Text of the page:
Saturday, April 21, 2012

Dick Clark and Pittsburgh

The recently departed Dick Clark was arguably America's best known rock 'n' roll DJ in the sixties, with "American Bandstand" being the can't miss music show of the era. Its features - "The Spotlight Dance," "Rate-A-Record" ("I give it an eight, Dick. Good dance beat...") and "Top 10 Countdown" - were copied by local dance shows around the country.

The Philly guy didn't just push East Coast acts and music, though. He had his finger in Pittsburgh's musical pie, too.

He had a lot in common with Pittsburgh's radio jocks of that era. Clark appreciated and promoted both "race" and rock music before it was cool, pushed local players whenever he could, and loved putting together huge cards for his concert acts

He wrote in his 1976 "Rock, Roll & Remember" autobiography that while a WFIL DJ, he came to the City in 1954 for a short incognito visit to listen and learn from WCAE jock Jay Michael. Clark heard him playing the R&B records of the time, ignored by many stations of that era but de rigueur here, and adapted the sound to his show. Clark, like the Pittsburgh spinners, would be among the pioneers who broke the color barrier in music, according to Pat DiCesare in Scott Mervis' recent Post Gazette article.

He also helped spark Pittsburgh's popular "Shower of Stars" concerts, as DiCesare related to KDKA's Larry Richert. He didn't do as a promoter, but a competitor. Imitation being the most sincere form of flattery, Pittsburgh impresario Tim Tormey put together his local version of Dick Clark's "Caravan of Stars." He even beat out the World's Oldest Teenager for the rights to a Gene Pitney barnstormer.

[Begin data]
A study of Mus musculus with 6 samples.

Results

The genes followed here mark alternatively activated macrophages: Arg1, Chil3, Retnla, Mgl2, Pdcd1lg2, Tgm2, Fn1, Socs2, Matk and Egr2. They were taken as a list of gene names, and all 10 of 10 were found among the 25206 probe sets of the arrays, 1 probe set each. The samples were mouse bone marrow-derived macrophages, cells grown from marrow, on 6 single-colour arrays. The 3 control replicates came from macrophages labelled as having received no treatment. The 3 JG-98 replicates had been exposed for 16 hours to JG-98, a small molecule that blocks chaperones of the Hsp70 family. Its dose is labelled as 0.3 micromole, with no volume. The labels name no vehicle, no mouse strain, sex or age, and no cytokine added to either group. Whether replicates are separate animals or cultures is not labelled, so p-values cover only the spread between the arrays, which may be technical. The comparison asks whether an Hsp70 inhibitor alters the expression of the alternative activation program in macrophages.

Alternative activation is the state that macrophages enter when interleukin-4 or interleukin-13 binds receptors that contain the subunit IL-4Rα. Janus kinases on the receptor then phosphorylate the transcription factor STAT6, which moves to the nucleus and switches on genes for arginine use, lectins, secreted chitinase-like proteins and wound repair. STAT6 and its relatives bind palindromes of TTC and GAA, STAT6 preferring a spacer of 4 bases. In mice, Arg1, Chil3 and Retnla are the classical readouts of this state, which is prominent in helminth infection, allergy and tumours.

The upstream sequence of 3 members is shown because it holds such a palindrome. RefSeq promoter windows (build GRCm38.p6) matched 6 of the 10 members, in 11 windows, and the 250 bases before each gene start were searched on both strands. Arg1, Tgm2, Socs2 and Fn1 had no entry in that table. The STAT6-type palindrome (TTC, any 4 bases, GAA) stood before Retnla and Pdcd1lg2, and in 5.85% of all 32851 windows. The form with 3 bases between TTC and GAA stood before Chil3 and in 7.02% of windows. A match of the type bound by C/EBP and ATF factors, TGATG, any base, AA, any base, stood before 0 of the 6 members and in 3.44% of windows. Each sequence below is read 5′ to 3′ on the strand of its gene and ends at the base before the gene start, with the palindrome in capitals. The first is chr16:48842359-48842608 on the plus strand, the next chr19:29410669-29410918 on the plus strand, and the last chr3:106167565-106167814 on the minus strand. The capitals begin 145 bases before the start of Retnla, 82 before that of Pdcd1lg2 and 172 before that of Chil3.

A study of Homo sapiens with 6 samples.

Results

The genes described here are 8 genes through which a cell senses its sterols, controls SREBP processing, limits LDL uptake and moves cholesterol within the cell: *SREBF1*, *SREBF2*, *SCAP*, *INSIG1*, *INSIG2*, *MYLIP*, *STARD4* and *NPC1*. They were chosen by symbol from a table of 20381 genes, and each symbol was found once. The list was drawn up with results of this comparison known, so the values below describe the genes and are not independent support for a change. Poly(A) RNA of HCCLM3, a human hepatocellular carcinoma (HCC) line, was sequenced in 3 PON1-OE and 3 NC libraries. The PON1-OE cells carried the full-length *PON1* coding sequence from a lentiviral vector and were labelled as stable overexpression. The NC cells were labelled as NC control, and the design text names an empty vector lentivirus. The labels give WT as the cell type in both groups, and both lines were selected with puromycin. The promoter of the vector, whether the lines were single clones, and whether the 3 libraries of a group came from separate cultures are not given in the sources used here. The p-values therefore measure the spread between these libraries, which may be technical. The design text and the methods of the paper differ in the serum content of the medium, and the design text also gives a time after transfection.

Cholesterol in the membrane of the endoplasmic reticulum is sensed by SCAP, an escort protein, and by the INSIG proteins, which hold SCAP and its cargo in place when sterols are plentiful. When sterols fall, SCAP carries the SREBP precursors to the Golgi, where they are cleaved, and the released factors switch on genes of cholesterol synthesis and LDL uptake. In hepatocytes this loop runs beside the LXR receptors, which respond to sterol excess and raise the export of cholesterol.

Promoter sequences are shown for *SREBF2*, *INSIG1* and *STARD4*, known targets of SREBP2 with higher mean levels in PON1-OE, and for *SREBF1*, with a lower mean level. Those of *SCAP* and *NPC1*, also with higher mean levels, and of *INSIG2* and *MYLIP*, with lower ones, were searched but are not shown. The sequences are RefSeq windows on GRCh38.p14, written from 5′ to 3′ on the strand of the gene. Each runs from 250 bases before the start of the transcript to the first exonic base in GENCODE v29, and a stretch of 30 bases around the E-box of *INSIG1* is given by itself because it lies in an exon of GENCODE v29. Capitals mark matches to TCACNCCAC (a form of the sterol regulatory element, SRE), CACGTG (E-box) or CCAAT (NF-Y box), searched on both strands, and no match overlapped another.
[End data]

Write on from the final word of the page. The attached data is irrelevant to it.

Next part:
Clark was so impressed that soon thereafter he hired Tormey as his East Coast rep for Clark Productions, then based in LA.

And speaking of Caravans, Clark did have a couple of local acts tour with his show, which ran until the late sixties. The initial tour in 1959 snapped up The Skyliners, who headlined his first 66-stop Caravan of Stars and reigned as local heroes in the September concert at the Syria Mosque. Other area acts to perform on Clark's Caravan were Chuck Jackson and Lou Christie.

His long-running TV show did a little better job of representing the region. Tony Butala (with the Lettermen), Lou Christie, Perry Como, Jill Corey, The Del Vikings, Diamond Reo, Billy Eckstine, The Four Coins, Tommy Hunt (with The Flamingos), The Jaggerz, adopted son Tommy James, Henry Mancini, The Marcels, The Skyliners, The Tempos, Bobby Vinton, The Vogues, Adam Wade and Wild Cherry appeared on ABC during the program's decades-long run.

Doesn't sound like a lot for 33 seasons of TV, but there were a couple of good reasons for that. First, Clark took very good care of his Philly folk in the early years. Then he moved his operations to Los Angeles in 1964, putting quite a bit of distance between himself and the Pittsburgh Sound. And finally, the City scene went dry during the British Invasion, sticking to its jazz fusion, bluesy vocal roots while the charts went electric and Motown.

All in all, Clark showed a lot more love to Pittsburgh than our current Philadelphia contemporaries, the Flyers, have.


Anonymous said...

I was a partner with Dick Clark for fifteen years in the United Stations/Unistar radio networks. Dick was a rare combination of talent and businessman, perhaps the best. He did more to bring rock and roll into the mainstream than anyone; his personality and approach made it acceptable. The best comparison I've heard is like introducing someone to Mexican food; start them off with the mild stuff first and they'll soon gravitate toward the spicy.

Ron Ieraci said...

Anon - thanks; that's about the best synopsis of Dick Clark that I've seen.